When Kong Ho pays $500 for Gold elite membership in American Airlines’ AAdvantage program, he expects to reap the benefits. Unfortunately, the airline has a different idea. Can our advocates help upgrade Ko’s experience with the world’s largest airline?
Question: I signed up and paid for elite membership, which includes free upgrades on any flights of less than 500 miles. Upgrades are automatically requested when you are an elite member.
When I got to the airport, I asked if I was upgraded, and the person behind the desk insisted that I would have to use my miles for an upgrade. Of course, I would not do so as I was only flying from Las Vegas to Los Angeles.
Once on the plane, I saw that there were empty seats in the first class cabin, where I should have been because of my status. I contacted AA’s complaint center and received an email stating that, although their agents were wrong, there is absolutely no compensation for their wrongdoing, and they will not take responsibility.
All I want is some kind of compensation. It does not have to be a free flight. Just anything as I do pay higher prices on my flights, and I also paid $100 for a 90-day challenge to achieve elite member status. If AA does not honor my status and does not upgrade me according to their guidelines, then what am I paying all this money for? — Kong Ho, Pasadena, Calif.
Answer: As a member of American’s AAdvantage program, I feel your pain. Sometimes there is no good explanation as to how some people get upgraded and others don’t. Sometime last year, I was number one on an American upgrade standby list and was shocked when the gate agents seated a nonrevenue (employee) passenger ahead of me in first class. (I am an Executive Platinum flyer, the highest level in the Aadvantage program. When I pointed out the error, I received an apology, and they quickly seated me in the first class cabin.)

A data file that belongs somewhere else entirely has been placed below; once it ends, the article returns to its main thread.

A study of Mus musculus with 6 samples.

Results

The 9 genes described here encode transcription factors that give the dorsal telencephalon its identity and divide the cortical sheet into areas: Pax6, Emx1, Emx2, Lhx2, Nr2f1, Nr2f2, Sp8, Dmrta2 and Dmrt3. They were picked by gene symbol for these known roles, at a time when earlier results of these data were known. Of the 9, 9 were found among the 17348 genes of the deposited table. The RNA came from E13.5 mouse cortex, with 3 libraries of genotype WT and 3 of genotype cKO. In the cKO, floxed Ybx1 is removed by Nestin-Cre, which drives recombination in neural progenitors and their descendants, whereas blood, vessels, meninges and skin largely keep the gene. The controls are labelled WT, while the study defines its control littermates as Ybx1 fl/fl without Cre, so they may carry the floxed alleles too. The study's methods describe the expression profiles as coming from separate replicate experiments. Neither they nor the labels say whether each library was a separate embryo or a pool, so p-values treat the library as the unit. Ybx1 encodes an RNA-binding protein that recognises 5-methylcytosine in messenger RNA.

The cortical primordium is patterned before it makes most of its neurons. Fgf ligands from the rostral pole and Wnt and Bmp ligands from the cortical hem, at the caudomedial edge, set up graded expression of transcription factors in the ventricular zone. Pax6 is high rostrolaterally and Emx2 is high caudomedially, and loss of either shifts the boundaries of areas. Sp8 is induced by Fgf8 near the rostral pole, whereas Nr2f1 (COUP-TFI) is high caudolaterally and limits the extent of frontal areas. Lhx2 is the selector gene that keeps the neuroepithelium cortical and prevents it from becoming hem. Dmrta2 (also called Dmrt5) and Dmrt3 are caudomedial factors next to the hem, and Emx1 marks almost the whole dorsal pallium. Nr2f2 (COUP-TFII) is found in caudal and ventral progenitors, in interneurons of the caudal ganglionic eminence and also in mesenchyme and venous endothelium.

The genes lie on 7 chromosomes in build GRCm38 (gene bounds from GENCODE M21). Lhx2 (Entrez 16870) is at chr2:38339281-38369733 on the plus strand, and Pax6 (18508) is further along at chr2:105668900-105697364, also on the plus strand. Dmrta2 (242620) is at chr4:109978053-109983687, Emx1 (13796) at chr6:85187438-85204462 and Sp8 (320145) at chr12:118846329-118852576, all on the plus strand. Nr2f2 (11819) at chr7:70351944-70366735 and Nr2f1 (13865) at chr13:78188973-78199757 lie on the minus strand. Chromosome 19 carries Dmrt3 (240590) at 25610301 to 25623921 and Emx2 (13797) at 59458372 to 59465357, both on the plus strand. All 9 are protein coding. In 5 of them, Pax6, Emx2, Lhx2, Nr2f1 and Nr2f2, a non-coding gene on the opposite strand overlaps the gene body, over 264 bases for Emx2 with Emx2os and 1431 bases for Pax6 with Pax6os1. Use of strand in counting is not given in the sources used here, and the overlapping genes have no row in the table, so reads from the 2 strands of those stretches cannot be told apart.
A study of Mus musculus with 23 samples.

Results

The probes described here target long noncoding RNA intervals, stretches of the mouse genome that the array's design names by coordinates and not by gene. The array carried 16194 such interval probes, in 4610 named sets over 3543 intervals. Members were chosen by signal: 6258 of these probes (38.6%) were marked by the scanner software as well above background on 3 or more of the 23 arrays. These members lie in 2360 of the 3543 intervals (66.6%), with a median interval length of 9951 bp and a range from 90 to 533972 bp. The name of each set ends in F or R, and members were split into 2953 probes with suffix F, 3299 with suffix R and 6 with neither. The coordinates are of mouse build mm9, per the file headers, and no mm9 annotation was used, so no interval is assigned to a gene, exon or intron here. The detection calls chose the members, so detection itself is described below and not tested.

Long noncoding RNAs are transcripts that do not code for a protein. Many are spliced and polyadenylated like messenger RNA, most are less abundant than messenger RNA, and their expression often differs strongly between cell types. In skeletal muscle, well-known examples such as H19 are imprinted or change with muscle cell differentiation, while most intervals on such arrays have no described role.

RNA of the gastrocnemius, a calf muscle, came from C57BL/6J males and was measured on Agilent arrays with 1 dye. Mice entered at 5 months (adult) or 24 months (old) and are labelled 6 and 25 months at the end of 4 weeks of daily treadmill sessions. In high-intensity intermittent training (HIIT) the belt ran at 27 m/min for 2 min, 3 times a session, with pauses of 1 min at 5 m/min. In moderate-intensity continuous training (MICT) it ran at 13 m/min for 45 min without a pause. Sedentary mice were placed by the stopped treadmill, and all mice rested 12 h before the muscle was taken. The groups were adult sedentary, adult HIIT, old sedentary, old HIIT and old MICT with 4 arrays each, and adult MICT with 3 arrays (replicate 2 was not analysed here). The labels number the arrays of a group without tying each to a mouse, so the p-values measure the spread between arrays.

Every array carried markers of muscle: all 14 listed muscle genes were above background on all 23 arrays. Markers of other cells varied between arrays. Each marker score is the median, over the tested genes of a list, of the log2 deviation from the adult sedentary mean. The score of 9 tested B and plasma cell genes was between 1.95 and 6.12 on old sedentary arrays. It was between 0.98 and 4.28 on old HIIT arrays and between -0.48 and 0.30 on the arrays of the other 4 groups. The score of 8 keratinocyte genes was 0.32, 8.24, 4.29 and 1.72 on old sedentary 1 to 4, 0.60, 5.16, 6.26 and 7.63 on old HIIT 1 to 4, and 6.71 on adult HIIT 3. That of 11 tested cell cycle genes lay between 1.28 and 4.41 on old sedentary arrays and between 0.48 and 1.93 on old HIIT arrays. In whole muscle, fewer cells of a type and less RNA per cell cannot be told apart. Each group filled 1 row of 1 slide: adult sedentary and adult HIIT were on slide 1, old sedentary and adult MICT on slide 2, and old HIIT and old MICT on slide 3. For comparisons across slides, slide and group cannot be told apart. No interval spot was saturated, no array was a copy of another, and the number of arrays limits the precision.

In your case, the gate agents made multiple errors. First, they failed to recognize your Gold status, which you paid extra for. According to the terms of the AAdvantage program, you were entitled to a complimentary upgrade to first class (based on seat availability) for a flight that was only about 230 miles. You should not have been told that you needed to use your accrued miles for an upgrade.
When you were boarded into your economy class seat, you noticed that there were three seats available in the first class cabin. You should have been seated in one of those “big chairs.”
You submitted your story to the AA Complaint Center, stating, “I use my hard-earned money to pay for my flights and elite membership. If I don’t get what I’m supposed to, then what’s the point of having it?” That sounds like a reasonable question. Unfortunately, you were less than satisfied with the airline’s response:
While it is not possible to tell why an upgrade was not given, it is possible that there was an agent error. I acknowledge you were inconvenienced, and I understand your request for compensation. Regrettably, I must respectfully decline. While I agree that in certain situations a gesture of goodwill is in order, we don’t believe that compensation is due for this situation.
You were shocked to hear this from an airline to which you had recently paid extra to participate in their elite flyer challenge, which offers upgraded status in return for your increased short-term patronage of the airline. But what incentive would you have to frequent the airline if you’re not getting the benefits you rightfully deserve?
Dissatisfied with the airline’s response to your claim, you could have escalated your complaint to executives of the airline by writing a simple, polite letter to lower-level executives and then working your way up the list. We publish a list of American Airlines’ executive contacts on our website.
Instead, you reached out to our advocates, who contacted American on your behalf.
Shortly after, you received a phone call from an American representative, who offered you four 500-mile upgrade certificates, which you accepted.
This is a lesson to be aware of your rights as a traveler, especially one with elite benefits. And, if the airline won’t give you the benefits to which you are entitled, speak up and advocate for yourself.
Editors note: This was another 2017 favorite. How many more disappointed “elites” will we see this year? More, I’m sure. Many more.